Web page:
Why do some writers torture themselves with procrastination? Some writers fear failure, and you can’t fail at something you aren’t doing. But not writing at all is also a failure, so then guilt sets in, and there’s nothing worse than a guilt-wracked, procrastinating writer.
Short-term interests, such as steam cleaning the carpet, straightening the linen closet and pulling weeds, trump long-term interests, especially when those long term interests are a little vague, or might take years to finish. We make ourselves feel guilty over an unswept kitchen floor instead. It’s easier. We trick ourselves into feeling productive when we’re really practicing avoidance. All the while, a little voice says “you really should be writing.”
Writing is what you were meant to do. You owe it to yourself to do it.
I like the idea of giving yourself arbitrary limits, similar to NaNoWriMo. You committed, now you must finish. The brilliance about NaNoWriMo is that it’s not open-ended—in fact, the time frame is extremely short. Even though a novel that’s written in one month may need a lot of work to be shaped into something actually publishable, the good thing is at least you have something to work with.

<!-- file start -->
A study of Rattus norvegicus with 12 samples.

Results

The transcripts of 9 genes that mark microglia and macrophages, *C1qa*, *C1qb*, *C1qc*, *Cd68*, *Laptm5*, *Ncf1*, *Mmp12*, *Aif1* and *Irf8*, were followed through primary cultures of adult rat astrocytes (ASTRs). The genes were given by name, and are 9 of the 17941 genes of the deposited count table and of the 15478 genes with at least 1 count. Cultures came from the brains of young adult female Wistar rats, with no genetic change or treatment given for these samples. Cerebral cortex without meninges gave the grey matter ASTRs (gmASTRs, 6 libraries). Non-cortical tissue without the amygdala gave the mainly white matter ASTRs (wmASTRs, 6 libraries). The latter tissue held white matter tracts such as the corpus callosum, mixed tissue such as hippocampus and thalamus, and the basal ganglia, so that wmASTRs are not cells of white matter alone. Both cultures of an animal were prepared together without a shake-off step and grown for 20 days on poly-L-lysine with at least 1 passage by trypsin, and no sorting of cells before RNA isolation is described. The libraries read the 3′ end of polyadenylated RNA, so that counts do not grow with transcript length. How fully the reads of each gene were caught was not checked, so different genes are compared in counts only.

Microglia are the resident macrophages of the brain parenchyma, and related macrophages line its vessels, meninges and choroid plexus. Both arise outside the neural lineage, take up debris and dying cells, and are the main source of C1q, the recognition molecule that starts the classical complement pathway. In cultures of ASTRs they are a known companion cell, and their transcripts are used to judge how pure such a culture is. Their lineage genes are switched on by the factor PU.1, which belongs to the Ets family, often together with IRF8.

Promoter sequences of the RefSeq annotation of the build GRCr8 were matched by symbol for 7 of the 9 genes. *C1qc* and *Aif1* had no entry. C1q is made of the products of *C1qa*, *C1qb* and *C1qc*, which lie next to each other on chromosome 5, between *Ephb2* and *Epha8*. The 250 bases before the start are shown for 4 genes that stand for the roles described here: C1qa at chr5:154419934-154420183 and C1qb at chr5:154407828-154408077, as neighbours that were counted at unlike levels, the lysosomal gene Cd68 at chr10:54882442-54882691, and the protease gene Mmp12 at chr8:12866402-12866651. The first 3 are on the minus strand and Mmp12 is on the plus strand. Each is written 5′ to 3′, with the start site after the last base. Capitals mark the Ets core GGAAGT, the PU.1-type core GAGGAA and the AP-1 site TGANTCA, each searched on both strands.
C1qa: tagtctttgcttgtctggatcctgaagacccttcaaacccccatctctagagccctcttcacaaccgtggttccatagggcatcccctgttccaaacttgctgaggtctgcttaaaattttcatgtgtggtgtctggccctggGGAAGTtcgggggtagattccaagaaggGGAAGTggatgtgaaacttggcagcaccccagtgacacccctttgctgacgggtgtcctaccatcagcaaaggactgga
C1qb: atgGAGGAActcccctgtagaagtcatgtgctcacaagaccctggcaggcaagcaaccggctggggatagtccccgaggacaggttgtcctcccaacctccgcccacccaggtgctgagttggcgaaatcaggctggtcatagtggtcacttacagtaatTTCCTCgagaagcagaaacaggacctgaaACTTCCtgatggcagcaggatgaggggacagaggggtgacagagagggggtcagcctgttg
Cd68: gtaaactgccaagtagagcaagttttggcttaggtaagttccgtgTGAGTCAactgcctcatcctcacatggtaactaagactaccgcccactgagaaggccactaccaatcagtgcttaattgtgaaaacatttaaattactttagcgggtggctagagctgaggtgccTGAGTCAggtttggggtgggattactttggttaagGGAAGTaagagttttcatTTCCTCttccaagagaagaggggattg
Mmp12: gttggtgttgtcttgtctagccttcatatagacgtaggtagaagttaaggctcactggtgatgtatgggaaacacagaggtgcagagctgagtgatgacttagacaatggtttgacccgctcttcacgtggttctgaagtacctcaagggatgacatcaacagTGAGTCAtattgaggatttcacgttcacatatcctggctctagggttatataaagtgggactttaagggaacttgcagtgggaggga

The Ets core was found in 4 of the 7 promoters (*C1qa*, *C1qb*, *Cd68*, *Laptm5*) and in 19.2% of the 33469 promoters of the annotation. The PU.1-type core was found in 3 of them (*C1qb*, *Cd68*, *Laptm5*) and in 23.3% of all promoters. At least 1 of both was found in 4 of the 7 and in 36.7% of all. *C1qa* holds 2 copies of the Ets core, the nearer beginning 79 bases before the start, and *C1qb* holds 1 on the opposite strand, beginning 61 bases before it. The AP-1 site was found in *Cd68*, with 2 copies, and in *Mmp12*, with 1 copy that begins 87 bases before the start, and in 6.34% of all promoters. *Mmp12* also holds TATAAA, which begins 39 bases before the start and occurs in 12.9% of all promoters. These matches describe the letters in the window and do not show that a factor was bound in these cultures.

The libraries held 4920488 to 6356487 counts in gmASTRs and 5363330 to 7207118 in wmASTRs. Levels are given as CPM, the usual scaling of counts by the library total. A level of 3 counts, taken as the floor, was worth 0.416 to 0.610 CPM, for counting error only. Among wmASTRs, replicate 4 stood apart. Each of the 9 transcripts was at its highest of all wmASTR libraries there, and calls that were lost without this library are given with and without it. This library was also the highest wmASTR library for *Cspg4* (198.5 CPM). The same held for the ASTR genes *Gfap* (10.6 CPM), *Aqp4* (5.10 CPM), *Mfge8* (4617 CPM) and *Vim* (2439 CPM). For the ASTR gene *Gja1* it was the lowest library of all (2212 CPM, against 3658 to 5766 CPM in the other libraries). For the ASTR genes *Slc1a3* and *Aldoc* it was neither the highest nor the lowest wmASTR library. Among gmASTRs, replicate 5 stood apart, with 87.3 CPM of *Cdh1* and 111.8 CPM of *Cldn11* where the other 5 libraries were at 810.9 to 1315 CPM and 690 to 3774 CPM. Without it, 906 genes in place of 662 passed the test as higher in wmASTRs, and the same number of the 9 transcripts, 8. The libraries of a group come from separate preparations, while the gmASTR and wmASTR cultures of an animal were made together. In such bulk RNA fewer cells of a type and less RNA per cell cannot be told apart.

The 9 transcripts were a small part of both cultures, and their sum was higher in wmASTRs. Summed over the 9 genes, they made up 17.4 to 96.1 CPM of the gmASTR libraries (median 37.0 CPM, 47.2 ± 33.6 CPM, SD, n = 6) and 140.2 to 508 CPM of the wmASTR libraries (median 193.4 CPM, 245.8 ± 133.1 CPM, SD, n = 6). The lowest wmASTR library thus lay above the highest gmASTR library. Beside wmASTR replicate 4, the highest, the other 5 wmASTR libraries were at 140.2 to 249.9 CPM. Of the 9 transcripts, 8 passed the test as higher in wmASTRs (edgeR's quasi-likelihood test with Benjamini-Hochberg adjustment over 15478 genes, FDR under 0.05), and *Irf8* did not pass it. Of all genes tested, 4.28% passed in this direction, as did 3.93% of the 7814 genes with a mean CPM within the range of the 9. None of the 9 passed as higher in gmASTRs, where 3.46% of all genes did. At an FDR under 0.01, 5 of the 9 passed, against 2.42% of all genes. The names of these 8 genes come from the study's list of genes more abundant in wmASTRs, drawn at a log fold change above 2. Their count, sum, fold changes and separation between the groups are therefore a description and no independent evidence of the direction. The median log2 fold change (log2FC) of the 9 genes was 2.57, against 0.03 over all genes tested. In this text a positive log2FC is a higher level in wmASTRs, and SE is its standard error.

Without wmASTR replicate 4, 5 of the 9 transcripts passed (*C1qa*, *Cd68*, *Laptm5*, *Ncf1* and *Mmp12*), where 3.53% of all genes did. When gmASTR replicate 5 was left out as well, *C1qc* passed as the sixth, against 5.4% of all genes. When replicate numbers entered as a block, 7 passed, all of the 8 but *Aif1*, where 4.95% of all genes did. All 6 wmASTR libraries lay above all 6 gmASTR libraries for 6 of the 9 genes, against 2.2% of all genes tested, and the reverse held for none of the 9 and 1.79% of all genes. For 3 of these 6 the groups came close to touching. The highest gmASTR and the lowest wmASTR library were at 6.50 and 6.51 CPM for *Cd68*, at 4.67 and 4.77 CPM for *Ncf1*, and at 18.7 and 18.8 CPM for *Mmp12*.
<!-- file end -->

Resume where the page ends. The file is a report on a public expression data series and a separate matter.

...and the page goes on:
If you aren’t into NaNoWriMo, try a trick that works for procrastination in general: break a large task into a series of smaller ones. Commit to writing one scene at a time instead of focusing on the looming “novel.” Stop revising chapter one and move on to chapter two, instead of worrying about three and four. Commit to writing xxx amount of words a day. Give yourself a deadline, any deadline, write it down, and commit. It takes discipline.
But if you don’t start, now, today, what will you have tomorrow? Another day gone.
I hope that doesn’t make you feel guilty, but doesn’t everyone want a better tomorrow? Do what it takes!